NASA Advisory Panel Calls for Asteroid Defense Office
BOULDER, COLO. — Protecting Earth from asteroids and other menacing space rocks should be designated a top-level NASA strategic goal, according to an agency task force. To achieve that goal, NASA should establish a Planetary Defense Coordination Office to oversee the effort, the task force said.
The seven-person NASA Advisory Council’s Ad-Hoc Task Force on Planetary Defense called for the new asteroid-watching office after reviewing ideas for detecting, characterizing and deflecting threatening near-Earth objects (NEOs), as well as discussing international coordination to deal with the issue.
The task force, which met here July 8-9, is reviewing its advocacy of launching an infrared detector spacecraft placed into a Venus-like orbit around the sun to provide a long-distance lookout for NEOs, which could speed up detection by decades compared with relying solely on ground-based observations.
Former NASA astronauts Russell Schweickart and Tom Jones are co-chairs of the Ad-Hoc Task Force, which is made up of members from academia and scientific institutions including NASA.
“At the end of our process, our recommendations will go to the NASA administrator and for the first time will address the overall issue of protecting the planet from asteroid impacts,” Schweickart said in an interview. “Those recommendations will include not only finding NEOs that potentially pose a threat, but proactive prevention of impacts … and working with the international community in order to be prepared to take that kind of action.”
The group’s output “will be the first time NASA will have that kind of serious, internal set of recommendations,” Schweickart added.
“It really is a turning point,” said Don Yeomans, a task force member and manager of NASA’s Near-Earth Object Program Office at the Jet Propulsion Laboratory in Pasadena, Calif.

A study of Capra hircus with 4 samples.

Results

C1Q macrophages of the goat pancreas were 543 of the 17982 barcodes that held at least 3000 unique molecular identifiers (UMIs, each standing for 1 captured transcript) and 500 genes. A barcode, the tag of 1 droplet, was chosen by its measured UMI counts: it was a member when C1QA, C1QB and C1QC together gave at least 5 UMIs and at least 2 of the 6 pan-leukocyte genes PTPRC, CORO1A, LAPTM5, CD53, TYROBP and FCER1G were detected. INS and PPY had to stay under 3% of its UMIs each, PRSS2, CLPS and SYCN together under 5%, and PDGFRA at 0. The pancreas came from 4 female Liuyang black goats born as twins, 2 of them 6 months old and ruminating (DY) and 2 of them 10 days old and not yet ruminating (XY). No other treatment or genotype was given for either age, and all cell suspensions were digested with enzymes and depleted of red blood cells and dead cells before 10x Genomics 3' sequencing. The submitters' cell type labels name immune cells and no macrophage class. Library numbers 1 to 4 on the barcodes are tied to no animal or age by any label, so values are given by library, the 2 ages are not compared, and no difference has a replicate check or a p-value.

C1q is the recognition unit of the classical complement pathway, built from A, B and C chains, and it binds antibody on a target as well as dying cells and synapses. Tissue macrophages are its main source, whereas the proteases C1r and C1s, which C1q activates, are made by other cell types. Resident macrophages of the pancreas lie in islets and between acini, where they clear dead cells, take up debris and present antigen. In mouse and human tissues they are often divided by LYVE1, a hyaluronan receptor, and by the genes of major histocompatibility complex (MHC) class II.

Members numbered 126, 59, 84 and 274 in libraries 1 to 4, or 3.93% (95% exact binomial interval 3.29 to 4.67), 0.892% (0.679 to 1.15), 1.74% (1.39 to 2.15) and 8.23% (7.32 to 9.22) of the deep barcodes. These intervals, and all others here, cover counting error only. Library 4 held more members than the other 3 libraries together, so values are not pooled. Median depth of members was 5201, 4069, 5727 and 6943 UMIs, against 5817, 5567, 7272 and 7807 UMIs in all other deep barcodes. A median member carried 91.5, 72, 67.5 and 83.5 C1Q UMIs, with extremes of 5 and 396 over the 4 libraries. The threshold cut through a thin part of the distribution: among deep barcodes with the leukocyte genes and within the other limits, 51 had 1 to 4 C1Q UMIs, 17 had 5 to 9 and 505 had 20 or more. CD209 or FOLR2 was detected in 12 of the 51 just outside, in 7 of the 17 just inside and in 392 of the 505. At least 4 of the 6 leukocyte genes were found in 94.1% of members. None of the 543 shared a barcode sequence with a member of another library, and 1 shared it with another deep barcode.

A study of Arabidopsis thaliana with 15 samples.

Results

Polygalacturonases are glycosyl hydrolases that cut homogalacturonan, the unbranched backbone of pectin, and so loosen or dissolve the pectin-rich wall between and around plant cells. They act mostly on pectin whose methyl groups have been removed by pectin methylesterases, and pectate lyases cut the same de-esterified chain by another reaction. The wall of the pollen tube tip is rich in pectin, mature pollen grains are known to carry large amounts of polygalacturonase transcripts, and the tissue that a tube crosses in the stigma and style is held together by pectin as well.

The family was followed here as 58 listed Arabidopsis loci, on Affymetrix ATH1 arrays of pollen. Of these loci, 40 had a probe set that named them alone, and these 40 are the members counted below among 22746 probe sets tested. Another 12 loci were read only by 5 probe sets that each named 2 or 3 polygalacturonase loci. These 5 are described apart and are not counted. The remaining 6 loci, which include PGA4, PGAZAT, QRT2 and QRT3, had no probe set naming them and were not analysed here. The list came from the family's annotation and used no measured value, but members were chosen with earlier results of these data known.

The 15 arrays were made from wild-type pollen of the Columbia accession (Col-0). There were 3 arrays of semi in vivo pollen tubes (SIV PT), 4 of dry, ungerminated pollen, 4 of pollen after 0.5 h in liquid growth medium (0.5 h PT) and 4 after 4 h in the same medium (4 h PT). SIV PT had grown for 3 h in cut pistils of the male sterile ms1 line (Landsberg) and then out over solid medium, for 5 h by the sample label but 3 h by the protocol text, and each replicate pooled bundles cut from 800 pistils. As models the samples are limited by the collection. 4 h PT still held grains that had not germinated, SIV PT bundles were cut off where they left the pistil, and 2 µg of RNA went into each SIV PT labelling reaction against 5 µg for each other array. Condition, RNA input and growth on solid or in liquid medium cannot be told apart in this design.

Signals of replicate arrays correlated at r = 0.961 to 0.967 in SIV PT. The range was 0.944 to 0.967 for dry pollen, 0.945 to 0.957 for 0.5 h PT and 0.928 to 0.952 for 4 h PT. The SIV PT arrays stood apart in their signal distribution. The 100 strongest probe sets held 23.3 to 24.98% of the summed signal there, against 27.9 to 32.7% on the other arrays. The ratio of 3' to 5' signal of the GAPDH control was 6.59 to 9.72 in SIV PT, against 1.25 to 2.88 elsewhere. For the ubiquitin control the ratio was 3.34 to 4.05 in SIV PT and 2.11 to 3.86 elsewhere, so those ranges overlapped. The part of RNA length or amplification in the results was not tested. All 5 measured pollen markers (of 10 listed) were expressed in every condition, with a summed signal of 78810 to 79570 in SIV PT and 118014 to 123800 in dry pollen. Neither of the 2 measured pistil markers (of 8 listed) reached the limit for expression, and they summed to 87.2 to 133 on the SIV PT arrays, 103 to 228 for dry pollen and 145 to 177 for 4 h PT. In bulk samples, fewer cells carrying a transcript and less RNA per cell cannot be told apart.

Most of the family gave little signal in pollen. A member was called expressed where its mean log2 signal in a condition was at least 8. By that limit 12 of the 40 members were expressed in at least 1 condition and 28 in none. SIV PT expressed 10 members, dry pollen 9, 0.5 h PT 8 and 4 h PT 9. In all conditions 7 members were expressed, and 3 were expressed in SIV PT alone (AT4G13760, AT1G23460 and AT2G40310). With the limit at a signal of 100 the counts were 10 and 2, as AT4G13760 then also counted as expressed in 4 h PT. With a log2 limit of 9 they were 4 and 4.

“For decades we were bumping along, barely aware that there were near-Earth objects. [Since] NASA got involved in the mid-1990s … there’s been a dramatic increase in the discovery rate. It was sort of an ‘ah-ha’ moment for the community in terms of science,” he said. The task force members are investigating using off-the-shelf hardware to fabricate a ground-based warning system. Such gear could provide many days or hours of warning about smaller, incoming space rocks. Furthermore, using commercially available equipment could help build a system that is inexpensive but powerful, and can be easily deployed around the globe.
The task force also is considering emergency management matters, such as what to do if Earth appears poised for a bruising impact.
Speaking to that topic via remote conferencing was Dennis Mileti, professor emeritus and former director of the Hazards Center at the University of Colorado at Boulder. He is an expert on societal aspects of hazards and disasters.
If NASA takes a lead role in planetary defense, the job of detecting threatening NEOs falls to the agency, Mileti advised. It is important, he said, to structure a highly reliable warning and messaging system, coupled with a public education campaign.
Blending NEO space scientists with emergency responders and disaster management agencies — including the U.S. Department of Homeland Security — is critical, Mileti said. “That’s really mixed soup to weave together,” he told the task force.
Mileti’s message to NASA: “They’ll need to provide the leadership to reach out to the emergency management community … because it will not go the other way around.”